In the twentieth century dd even until today, the emphasis of character has been shifting to that of personality. It is seen everywhere, from the conception and implementation of social media involving major figures to plebeians of today. We are more interested in personality than ever before.
“Self-realization” has become a matter of increasing concern, as personality is connected to the growth of psychology and psychotherapy. Americans are more likely to consult professionals now more than ever, especially due to the advances made by Sigmund Freud’s psychoanalysis methods. It is an increase in the interest of adjustment and on the self.
In the early 20th centuries, self-help manuals became popular. This American phenomena helps people gain the “quality of being somebody,” as the manuals claimed. They stressed self-development and self masterization, urging readers to express their individuality.
Character was seen as thrift, hard work, a service to humanity and integrity. It was an inner-directed quality people had. Meanwhile, personality is charming. It is the “mysterious atmosphere that can sway or enchant others .” Personality in business is the key to success.
So, how does this tie into film? Well, as far as the concept of personality is concerned, all of us are actors playing a role to express ourselves and to influence others. Film was also the vehicle that reflected and advanced the shift from character to personality. Before 1910, filmmakers and studios did not say the name of the actor playing a character. They found it insignificant. However, after 1910, the celebrity was born.
People used to have no interest in the personality of major figures. Thus, the “movie star” was born and forever changed popular culture. Films allowed us to see what these celebrities looked like and, eventually, how they sounded. At one point, Charlie Chaplin was the most famous man in the world. Movie stars brought fan magazines to life. Audiences became interested in movie stars as people, especially when it came to their personalities and personal lives. It all started with entertainment and movie stars. Now, it has expanded to athletes, politicians, powerful businessmen, and more. The New York Times and its magazine started publishing personality profiles to cater to this interest.
Audiences felt that their interest in the personalities of movie stars gave them a momentary escape from everyday life. They could live vicariously and experience the exciting world of glamour. The more we know, the more we want to know, thus creating a vicious cycle of a need-to-know basis.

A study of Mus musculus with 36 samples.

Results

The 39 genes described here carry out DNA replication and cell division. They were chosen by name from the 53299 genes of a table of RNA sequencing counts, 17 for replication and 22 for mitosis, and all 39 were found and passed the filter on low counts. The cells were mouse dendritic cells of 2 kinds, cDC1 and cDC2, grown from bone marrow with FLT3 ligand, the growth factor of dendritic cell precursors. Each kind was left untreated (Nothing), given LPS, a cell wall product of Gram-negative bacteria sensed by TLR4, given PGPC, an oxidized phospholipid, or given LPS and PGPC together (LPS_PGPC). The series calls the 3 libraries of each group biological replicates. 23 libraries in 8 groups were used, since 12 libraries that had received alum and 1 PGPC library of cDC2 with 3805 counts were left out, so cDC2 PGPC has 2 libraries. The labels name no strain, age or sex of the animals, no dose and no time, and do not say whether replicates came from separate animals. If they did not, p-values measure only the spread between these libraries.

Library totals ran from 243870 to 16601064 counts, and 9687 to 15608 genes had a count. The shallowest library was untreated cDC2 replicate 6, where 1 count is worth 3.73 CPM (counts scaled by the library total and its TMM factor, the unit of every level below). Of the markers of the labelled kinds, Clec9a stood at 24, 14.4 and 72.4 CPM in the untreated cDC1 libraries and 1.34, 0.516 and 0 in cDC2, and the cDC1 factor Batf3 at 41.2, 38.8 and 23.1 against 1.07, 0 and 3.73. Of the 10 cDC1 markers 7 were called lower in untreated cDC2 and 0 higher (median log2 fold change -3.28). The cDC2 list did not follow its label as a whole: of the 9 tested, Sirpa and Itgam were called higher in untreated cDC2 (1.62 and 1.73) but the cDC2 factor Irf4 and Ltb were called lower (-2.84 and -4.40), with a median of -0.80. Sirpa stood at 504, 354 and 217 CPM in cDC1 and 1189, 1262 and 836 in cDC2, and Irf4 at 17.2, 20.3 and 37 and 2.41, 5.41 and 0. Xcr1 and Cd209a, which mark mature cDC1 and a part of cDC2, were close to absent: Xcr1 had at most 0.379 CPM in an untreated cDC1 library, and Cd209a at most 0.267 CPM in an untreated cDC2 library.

In silent films, actors were seen as projecting their real personalities on-screen in silent films. Characters had the actor’s first name. This celebrification led to fan magazines featuring elaborate layouts of celebrities’ homes and details about their romances. Private lives became fair game as newsworthy material.
Today in the news, headlines will often read “You’ll never guess what Taylor Swift just Tweeted” or “Liam Hemsworth just Instagrammed the cutest picture.” These articles serve as a middleman to get more traffic towards the news site. Despite this clickbait, it is easier to simply follow social media accounts that serve as the primary source for the article. If we really cared about what Kim Kardashian was up to, we would just follow her (cringes). Essentially, these “journalism” pieces reflect the cultivation of personality. Today, more than ever, social media helps enhance the voyeurism of celebrities’ lives.
But why do we click on these links? Sure, we may not really care about the Kardashians, but curiosity clicks do count as site visits. It is always fascinating to see how the other half lives, even if there is a high level of apathy involved.
Celebrities are a form of capital, along with their fame. It has great worth to the celebrities themselves and anything affiliated with them. For example, photos of a celebrity eating in a restaurant serve as a pseudo-advertisement to generate more business. They also endorse products, increasing consumer desire, because we feel that, by buying these products, we can associate ourselves with them more.
Celebrities and personality separate notoriety from ability. Personality has become more important in American culture and has a much higher value, all thanks to film.
Marina Caitlin Watts is a senior studying Communication. In addition to writing for The Cornell Daily Sun, she has also been published on various film websites along with The Daily Beast. She loves Frank Sinatra and hates decaf coffee. If you need her, she is waiting for Godot. Watch Me If You Can appears on alternate Fridays this semester. She can be reached at firstname.lastname@example.org.